NASA spacecraft camera yields most accurate Mars map ever
A camera aboard NASA's Mars Odyssey spacecraft has helped develop the most accurate global Martian map ever, the U.S. National Aeronautics and Space Administration (NASA) said Friday, Xinhua reported.
Researchers and the public can access the map via several websites and explore and survey the entire surface of the Red Planet.
The map was constructed using nearly 21,000 images from the Thermal Emission Imaging System, or THEMIS, a multi-band infrared camera on Odyssey. Researchers at Arizona State University's Mars Space Flight Facility in Tempe, in collaboration with NASA's Jet Propulsion Laboratory (JPL) in Pasadena, Calif., have been compiling the map since THEMIS observations began eight years ago.
The pictures have been smoothed, matched, blended and cartographically controlled to make a giant mosaic. Users can pan around images and zoom into them. At full zoom, the smallest surface details are 330 feet wide. While portions of Mars have been mapped at higher resolution, this map provides the most accurate view so far of the entire planet.
"We've tied the images to the cartographic control grid provided by the U.S. Geological Survey, which also modeled the THEMIS camera's optics," said Philip Christensen, principal investigator for THEMIS and director of the Mars Space Flight Facility. "This approach lets us remove all instrument distortion, so features on the ground are correctly located to within a few pixels and provide the best global map of Mars to date."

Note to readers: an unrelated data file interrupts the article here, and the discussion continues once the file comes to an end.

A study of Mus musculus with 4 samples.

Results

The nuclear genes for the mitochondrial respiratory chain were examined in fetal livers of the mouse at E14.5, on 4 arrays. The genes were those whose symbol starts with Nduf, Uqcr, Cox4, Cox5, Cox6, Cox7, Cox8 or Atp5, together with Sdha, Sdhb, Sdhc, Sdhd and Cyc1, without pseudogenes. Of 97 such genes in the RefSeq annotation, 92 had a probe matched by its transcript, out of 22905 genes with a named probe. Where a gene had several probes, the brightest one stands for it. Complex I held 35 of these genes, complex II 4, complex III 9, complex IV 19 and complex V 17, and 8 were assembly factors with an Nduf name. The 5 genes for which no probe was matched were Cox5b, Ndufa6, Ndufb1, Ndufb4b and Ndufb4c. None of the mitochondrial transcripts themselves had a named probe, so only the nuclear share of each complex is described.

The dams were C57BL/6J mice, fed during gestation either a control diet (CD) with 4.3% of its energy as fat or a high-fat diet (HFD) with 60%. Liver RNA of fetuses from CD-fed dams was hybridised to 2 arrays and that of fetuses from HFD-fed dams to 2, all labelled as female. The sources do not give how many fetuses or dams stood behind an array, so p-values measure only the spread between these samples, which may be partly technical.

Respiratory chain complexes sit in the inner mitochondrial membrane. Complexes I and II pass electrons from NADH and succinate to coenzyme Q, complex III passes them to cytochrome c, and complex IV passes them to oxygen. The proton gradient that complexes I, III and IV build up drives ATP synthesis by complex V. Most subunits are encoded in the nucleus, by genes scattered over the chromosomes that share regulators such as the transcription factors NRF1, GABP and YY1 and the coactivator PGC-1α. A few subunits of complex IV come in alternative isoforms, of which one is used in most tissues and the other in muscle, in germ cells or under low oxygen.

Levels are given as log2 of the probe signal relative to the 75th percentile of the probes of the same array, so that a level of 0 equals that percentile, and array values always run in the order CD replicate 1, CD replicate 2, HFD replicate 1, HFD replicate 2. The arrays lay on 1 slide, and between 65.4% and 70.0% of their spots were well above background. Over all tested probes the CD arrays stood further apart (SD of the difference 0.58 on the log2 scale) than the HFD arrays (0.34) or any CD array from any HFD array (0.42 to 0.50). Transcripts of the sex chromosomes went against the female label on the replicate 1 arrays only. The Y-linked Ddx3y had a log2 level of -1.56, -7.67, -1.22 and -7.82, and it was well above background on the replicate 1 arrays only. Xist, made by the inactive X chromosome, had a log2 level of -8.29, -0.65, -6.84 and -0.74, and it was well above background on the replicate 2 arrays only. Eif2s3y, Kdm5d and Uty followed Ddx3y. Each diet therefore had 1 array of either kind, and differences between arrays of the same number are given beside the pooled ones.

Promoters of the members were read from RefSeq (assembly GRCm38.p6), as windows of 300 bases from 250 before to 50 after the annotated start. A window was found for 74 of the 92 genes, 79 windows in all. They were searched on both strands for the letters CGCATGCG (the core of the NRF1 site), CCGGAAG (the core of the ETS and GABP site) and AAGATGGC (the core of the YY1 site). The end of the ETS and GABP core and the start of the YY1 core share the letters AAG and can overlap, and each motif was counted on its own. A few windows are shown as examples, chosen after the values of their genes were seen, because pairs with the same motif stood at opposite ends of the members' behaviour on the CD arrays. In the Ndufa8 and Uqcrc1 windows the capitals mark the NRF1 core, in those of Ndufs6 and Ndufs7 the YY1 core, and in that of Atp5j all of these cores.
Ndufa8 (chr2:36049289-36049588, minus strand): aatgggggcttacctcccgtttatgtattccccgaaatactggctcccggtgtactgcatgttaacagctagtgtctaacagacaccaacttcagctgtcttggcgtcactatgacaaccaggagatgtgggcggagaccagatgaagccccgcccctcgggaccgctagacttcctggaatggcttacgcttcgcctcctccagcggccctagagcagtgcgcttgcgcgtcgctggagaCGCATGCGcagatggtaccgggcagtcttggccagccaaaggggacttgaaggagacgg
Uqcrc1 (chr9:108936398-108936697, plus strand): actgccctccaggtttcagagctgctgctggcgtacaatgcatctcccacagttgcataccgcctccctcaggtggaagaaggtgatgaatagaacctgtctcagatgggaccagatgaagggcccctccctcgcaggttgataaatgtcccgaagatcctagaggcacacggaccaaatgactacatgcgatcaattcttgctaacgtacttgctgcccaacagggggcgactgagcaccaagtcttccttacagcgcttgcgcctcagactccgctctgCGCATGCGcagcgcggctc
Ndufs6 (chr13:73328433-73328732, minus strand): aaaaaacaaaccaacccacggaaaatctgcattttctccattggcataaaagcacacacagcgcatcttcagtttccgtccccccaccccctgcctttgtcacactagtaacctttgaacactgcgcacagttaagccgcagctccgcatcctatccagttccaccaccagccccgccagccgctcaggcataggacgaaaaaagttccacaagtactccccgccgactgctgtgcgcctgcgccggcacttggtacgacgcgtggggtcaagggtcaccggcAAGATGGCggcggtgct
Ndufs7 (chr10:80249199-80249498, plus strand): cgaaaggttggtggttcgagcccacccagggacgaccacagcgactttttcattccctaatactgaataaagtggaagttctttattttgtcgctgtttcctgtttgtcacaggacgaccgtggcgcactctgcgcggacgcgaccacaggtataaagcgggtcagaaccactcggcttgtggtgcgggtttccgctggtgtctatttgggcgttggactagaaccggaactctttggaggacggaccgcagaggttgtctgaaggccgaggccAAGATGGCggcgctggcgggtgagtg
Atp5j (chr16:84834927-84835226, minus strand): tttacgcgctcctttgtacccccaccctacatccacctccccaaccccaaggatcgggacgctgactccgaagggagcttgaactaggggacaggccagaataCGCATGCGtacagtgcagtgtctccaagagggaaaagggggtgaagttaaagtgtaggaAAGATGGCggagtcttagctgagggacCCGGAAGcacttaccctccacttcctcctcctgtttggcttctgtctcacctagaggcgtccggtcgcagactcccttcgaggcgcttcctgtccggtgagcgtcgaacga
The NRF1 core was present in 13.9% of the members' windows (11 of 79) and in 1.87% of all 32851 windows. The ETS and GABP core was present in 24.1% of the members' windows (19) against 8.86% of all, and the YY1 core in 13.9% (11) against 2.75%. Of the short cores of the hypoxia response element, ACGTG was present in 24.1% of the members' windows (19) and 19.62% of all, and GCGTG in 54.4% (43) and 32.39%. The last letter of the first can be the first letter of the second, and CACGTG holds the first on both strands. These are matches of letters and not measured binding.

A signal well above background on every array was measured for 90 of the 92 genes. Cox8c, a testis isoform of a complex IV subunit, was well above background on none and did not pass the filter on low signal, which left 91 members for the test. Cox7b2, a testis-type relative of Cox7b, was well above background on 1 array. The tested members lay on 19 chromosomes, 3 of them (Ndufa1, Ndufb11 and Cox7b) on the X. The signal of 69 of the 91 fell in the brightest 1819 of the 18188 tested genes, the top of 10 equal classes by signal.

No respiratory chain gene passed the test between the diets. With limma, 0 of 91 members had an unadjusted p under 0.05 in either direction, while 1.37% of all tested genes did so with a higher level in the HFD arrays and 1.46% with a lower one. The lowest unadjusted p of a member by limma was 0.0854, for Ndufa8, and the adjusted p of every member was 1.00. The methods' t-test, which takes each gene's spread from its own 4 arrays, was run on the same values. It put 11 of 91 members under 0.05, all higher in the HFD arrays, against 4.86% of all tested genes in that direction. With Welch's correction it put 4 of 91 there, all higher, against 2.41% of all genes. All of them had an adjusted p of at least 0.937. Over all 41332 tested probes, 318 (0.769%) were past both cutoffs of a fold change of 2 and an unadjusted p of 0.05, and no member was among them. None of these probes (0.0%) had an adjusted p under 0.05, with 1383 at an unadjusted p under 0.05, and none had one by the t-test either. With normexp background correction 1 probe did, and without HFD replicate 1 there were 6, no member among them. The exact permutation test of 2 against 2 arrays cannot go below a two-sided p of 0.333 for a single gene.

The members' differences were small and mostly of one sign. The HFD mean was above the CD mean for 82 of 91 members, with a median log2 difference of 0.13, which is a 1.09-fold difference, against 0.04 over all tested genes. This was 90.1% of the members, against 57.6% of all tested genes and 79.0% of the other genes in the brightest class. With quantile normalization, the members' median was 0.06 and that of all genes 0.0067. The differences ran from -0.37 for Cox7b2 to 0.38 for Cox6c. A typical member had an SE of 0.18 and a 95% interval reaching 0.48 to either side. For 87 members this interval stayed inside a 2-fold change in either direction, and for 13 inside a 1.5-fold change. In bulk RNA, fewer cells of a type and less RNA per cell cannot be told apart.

Working with THEMIS images from the new map, the public can contribute to Mars exploration by aligning the images to within a pixel's accuracy at NASA's "Be A Martian" website, which was developed in cooperation with Microsoft Corp.
"The Mars Odyssey THEMIS team has assembled a spectacular product that will be the base map for Mars researchers for many years to come," said Jeffrey Plaut, Odyssey project scientist at JPL. "The map lays the framework for global studies of properties such as the mineral composition and physical nature of the surface materials."
Mars Odyssey was launched in April 2001 and reached the Red Planet in October 2001. Science operations began in February 2002. The mission is managed by JPL, for NASA's Science Mission Directorate in Washington.